The absence of WeChat, TikTok, and other Chinese apps in India will create a vacuum that could help Facebook and Jio realize their super-app ambitions. Last week, Facebook gained regulatory approval to complete its purchase of 10% equity in Jio, India’s largest network operator by subscribers, for $5.7 billion. Together, the companies hope to create a super-app for the Indian market which will reportedly include payments, gaming, e-commerce, and social media services.
With one fell swoop, the Indian government eliminated formidable competitors spanning the digital landscape, many of which previously threatened Facebook and Jio’s super app ambitions. For instance, TikTok — which had amassed an estimated 120-200 million users in India — posed the greatest threat to Facebook’s social media dominance in the country, and Facebook can now attempt to capitalize on its absence by propping up in-house alternatives such as Lasso.
Similarly, WeChat has long attempted to popularize its super-app in India, though it had limited success, partially due to the dominance of Facebook’s WhatsApp messaging service, which was used by 93% of India smartphone users in 2020, according to eMarketer. The absence of such competitors will help Facebook and Jio carry out an unprecedented land grab within the Indian digital services market.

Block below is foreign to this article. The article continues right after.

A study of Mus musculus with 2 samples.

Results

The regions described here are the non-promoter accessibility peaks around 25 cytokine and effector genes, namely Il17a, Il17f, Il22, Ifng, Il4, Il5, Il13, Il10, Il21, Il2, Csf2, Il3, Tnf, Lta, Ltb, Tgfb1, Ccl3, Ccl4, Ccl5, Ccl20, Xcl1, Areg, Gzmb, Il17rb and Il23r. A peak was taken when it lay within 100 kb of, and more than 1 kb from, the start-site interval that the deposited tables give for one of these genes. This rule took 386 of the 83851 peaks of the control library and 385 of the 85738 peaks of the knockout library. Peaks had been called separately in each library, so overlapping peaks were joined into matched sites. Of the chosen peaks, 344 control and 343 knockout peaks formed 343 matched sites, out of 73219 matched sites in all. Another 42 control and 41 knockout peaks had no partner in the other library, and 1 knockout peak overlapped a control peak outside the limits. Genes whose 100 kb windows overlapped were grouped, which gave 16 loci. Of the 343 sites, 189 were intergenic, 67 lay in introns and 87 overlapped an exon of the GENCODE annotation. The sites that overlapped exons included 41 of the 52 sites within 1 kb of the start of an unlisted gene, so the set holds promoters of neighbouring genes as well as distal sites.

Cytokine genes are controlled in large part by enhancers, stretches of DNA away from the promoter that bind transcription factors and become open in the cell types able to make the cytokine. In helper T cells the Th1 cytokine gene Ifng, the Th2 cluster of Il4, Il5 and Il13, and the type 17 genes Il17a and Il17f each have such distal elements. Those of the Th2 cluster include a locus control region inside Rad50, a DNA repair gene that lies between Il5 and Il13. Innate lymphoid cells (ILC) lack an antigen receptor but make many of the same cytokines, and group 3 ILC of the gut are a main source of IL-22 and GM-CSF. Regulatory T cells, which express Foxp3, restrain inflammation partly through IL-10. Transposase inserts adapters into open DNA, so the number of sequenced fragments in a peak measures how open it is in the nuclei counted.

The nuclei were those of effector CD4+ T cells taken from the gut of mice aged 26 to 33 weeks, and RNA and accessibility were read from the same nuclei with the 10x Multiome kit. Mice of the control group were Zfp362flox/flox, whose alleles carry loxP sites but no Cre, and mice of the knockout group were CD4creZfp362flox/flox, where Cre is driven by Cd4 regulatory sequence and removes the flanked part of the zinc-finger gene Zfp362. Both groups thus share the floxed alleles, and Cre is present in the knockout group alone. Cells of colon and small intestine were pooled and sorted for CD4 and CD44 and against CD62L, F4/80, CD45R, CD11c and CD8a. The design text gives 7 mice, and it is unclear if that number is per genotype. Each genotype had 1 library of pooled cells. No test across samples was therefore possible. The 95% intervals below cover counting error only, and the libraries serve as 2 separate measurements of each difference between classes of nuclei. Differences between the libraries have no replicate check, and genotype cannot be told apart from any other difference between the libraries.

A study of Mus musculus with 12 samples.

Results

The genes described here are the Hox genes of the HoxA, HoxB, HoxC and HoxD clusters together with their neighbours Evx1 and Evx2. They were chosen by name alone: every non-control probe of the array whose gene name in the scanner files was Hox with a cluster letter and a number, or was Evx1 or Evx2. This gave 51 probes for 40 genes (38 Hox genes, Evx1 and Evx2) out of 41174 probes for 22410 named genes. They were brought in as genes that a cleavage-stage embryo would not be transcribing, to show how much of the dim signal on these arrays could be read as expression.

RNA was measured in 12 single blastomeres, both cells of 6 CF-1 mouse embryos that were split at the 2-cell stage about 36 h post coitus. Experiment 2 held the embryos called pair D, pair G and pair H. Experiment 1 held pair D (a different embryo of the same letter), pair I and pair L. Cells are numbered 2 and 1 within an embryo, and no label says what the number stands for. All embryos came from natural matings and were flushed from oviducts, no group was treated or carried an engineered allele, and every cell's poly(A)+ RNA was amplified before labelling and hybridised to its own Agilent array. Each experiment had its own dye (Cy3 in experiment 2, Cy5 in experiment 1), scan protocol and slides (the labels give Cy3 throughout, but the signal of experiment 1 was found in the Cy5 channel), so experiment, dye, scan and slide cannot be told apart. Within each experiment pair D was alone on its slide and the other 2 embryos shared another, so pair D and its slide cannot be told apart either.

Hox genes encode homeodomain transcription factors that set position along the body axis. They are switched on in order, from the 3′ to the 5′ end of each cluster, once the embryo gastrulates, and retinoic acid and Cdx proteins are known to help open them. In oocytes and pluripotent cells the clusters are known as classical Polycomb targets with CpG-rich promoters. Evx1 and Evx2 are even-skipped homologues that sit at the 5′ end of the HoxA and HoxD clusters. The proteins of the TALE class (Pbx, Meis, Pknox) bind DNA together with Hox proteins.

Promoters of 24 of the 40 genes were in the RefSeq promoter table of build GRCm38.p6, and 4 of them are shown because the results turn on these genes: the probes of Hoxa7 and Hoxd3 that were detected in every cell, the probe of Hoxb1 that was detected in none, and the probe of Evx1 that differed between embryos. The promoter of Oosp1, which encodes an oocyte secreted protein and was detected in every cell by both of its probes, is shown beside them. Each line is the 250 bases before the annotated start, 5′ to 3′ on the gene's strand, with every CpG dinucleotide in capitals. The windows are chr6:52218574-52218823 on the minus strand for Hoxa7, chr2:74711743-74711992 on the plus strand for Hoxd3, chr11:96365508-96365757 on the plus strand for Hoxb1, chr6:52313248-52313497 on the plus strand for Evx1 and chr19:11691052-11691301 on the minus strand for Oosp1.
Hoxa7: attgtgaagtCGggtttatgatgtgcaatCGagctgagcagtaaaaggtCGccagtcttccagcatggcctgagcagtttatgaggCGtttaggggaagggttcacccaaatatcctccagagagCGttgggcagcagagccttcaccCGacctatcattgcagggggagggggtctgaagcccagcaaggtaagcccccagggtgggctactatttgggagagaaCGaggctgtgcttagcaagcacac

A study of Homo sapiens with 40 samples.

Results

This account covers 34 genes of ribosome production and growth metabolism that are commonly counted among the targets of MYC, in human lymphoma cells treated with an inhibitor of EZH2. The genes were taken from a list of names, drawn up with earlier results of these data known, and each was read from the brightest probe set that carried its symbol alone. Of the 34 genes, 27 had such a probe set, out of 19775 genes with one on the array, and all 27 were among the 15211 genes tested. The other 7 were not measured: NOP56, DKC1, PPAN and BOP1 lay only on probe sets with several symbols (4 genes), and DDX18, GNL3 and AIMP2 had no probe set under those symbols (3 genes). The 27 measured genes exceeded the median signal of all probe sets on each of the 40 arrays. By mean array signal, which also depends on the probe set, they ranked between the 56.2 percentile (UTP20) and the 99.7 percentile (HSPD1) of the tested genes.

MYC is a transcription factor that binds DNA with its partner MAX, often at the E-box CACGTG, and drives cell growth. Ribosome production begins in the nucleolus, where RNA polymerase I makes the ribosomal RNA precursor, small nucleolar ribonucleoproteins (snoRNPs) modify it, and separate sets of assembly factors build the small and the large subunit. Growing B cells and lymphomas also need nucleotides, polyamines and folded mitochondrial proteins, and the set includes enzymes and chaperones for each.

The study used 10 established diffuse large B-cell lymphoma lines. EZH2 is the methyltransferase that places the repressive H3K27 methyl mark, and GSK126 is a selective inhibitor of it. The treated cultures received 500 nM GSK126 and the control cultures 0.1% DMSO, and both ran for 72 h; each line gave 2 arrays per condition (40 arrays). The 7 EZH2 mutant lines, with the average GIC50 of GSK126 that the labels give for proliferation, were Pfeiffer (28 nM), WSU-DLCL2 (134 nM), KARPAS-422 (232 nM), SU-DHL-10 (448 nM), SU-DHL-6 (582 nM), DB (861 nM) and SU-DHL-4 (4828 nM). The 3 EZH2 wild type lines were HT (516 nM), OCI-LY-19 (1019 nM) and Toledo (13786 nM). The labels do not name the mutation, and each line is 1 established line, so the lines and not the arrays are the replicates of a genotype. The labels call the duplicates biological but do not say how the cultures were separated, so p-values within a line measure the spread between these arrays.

The ban on apps from Chinese developers represents one of India’s biggest retaliation against Chinese tech companies, and it could precede bans across other tech sectors. The rising tensions between India and China could result in further economic disengagement. In particular, India represents one of the largest markets for China-based smartphone vendors, and the Indian government undoubtedly understands that this creates a powerful bargaining chip in negotiations with China.
China-based smartphone vendors Xiaomi, Vivo, Realme, and Oppo together accounted for 73% of smartphone shipments in India in Q1 2020, according to Counterpoint research. Retaliatory measures such as higher import tariffs on these players would be a major boon to South Korea-based Samsung, which accounted for 16% of India’s Q1 2020 smartphone shipments. These efforts will be curtailed by the fact that Chinese companies have invested a significant amount of money in India’s tech economy, and further provoking Beijing could slow India’s overall economic development.